Lawrence Summers: ‘A Long Way From The 1970s’

Lawrence Summers, the former Treasury Secretary, is as well credentialed as anyone to assess the global credit crisis. He won the John Bates Clark award for best economist under 40, was chief economist at the World Bank and ran Harvard University. But that almost certainly didn't stop a gasp of relief that he hadn't been in office to witness a financial crisis like this one. NEWSWEEK's Adam B. Kushner chatted with him by telephone about the prospects for recession, and for a new era of tighter regulation. Excerpts:

NEWSWEEKr: Long recession, short recession or no recession?
SUMMERS: It's likely we're in a recession and that it will last less than a year, but that is some considerable distance from a certainty. The strains on the financial system associated with lack of capital make it more likely, based on historical parallels, that the recession will be protracted.

Protracted sounds like more than a year.
Many recessions occur because the Fed puts its foot on the brakes. In those, one can assume that when the Fed takes its foot off the brakes the recession will abate. Here, when the recession is generated from within the economy by the collapse of asset prices, it's much more difficult to gauge the length of the recession. No one in 1990 or '91 could have imagined how long Japan's economic problems would persist. The United States will not follow the same pattern, but even our experience in the early '90s suggests that when you have troubled financial institutions, recovery can be delayed.

How well have Fed chairman Ben Bernanke and Treasury Secretary Henry Paulson handled the crisis?
[They] have come to appreciate the gravity of the problem and have taken a range of strong actions: fiscal stimulus, monetary policy easing, very substantial Federal Reserve provisions of liquidity, emergency assistance to prevent a possible meltdown when Bear Stearns fell. More substantial interventions in the housing markets than the voluntary measures cheered on by the [Bush] administration will, I suspect, be necessary.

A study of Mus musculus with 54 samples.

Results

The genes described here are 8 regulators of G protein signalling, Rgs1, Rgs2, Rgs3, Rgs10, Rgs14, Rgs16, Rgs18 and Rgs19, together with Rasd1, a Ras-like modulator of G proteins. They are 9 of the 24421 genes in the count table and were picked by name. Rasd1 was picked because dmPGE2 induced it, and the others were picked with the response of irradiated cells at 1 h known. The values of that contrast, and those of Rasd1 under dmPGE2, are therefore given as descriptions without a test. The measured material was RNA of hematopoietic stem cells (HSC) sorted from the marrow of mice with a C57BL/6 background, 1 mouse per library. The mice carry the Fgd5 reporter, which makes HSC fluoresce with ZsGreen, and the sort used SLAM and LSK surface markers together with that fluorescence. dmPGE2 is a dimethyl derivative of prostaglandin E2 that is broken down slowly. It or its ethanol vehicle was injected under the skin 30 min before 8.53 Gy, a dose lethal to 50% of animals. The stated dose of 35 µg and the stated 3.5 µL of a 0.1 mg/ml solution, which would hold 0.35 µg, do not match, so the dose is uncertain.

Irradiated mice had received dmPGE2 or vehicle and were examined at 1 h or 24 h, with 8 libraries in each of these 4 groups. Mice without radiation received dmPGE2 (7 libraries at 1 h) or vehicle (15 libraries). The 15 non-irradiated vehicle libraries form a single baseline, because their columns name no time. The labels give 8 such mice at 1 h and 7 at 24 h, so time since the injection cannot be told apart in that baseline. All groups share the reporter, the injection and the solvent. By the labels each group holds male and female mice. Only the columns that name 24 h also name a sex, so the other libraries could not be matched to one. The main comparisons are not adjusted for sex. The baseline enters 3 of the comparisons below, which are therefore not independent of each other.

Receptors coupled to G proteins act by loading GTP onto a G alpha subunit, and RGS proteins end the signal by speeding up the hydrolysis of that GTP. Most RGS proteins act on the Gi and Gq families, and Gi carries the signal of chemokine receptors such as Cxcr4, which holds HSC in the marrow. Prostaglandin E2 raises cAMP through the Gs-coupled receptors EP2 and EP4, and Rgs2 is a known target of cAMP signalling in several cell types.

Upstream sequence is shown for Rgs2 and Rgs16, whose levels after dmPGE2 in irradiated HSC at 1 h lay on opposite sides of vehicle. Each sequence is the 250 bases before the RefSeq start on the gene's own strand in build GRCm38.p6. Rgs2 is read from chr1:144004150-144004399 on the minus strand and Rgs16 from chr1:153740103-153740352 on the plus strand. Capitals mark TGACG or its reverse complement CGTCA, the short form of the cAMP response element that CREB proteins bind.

What about ripple effects worldwide?
Those who have held out hope for a decoupling between the rest of the world and the United States are likely to be disappointed. Our domestic, demand-led growth has enabled others to enjoy export-led growth. My guess is that the world economy as a whole is going to slow down this year, and the length and depth of that slowdown will depend very much on how the American economy performs.

Will developing economies do better than First World economies?
There are very strong internal factors that would explain why China and India will continue to grow more rapidly than the global economy. But even they are not independent of the global economy, and if it slows, their growth is likely to slow as well.

Should the government have bailed out Bear Stearns? Is there a moral-hazard problem?
I think the Fed had one fundamental decision to make: it was either going to do extraordinary, unprecedented things, or it was going to do the experiment of seeing what would happen to the financial system if a major [institution] fell apart. They made the right decision.

What is the lesson for other banks: Don't buy risky debt? Acquire liquidity sooner?
A fairly constant lesson in the financial industry is the importance of liquidity. It's not enough to have a positive net worth. One has to appear impregnable even if, for no rational reason, there is a rush to the exit by those who have lent you money. Those who walk near the edge by borrowing short term and maintaining low levels of capital are much more likely to be pushed into the abyss when stormy winds blow.

Is this the 1970s all over again?
Anyone who studies the economic history of the 1970s has to be struck by … the very high wage inflation—particularly in relation to slowing productivity growth. I don't see any evidence today of growing labor power or unsustainable wage demands. We're a long way from the 1970s. That doesn't mean that inflation is not a matter of concern, but the analogy is wrong.

Should we worry about foreigners snapping up ownership stakes in the banks?
Life is about choices. It would be better if our banks needed less capital. But given their needs, I don't think we have attractive alternatives to foreign investments. The key issues when you talk about foreign governments to me don't involve the word "foreign"; they involve the word "government." It's important to make sure that they are investing to maximize the value of their investments rather than pursue any kind of national strategic objective.